I'm pretty sure I've mentioned this before, but World War II is one of my favorite time periods to read about, partly due to the fact that both my grandfathers served in WWII--my mum's dad as a bomber pilot in Europe and my dad's dad as a sailor in the Pacific. It fascinates me. I also love mysteries, and The Dead of Winter brings together both in an extremely satisfying way.
It's winter 1944 and the year is winding down toward Christmas; though the Blitz ended years earlier, London still enforces blackouts at night and the rubble-filled shells of once happy homes still crouch all over the city. A volunteer blackout watchman bumps into a young woman--presumably foreign, due to her accent--hurrying along her way with an air of unease about her. After the watchman returns from a break in a pub from the frigid night, he stumbles across the girl again. Literally. She's been killed, but none of her possessions have been taken. Scotland Yard, at first inclined to dismiss it as a random murder, begins to investigate more closely when the girl's employer, a former policeman retired to the country, steps in to lend a hand and discovers links to jewelry thefts and assassinations on the Continent and at home.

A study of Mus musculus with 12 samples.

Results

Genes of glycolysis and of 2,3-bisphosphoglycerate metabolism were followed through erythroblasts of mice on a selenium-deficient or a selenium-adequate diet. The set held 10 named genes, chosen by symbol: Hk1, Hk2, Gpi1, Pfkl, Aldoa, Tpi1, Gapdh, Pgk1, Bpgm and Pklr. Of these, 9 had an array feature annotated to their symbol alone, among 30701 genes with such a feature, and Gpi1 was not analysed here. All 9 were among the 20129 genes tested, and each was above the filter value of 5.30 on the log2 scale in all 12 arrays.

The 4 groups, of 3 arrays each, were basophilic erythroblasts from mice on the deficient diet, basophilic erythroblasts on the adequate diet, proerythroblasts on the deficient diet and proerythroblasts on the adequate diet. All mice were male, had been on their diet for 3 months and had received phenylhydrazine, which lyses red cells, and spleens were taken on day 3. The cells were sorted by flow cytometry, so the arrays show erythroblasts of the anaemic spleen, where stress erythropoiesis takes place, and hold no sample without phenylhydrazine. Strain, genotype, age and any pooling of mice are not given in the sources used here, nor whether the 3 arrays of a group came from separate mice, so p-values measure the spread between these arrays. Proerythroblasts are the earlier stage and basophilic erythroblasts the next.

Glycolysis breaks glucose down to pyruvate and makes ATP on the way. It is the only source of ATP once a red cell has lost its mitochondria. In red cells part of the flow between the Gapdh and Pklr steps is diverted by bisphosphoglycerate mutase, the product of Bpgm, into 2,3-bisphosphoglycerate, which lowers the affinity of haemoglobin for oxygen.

Airth possesses that rare gift of being able to lead the reader along by the nose, guiding both the characters and the audience to what seems the perfect conclusion, only to reveal a particularly important tidbit that turns everything one thought on its head. Numerous twists left me thoroughly engaged in the novel and eager for more!
Highly recommended to fans of whodunits and history buffs alike.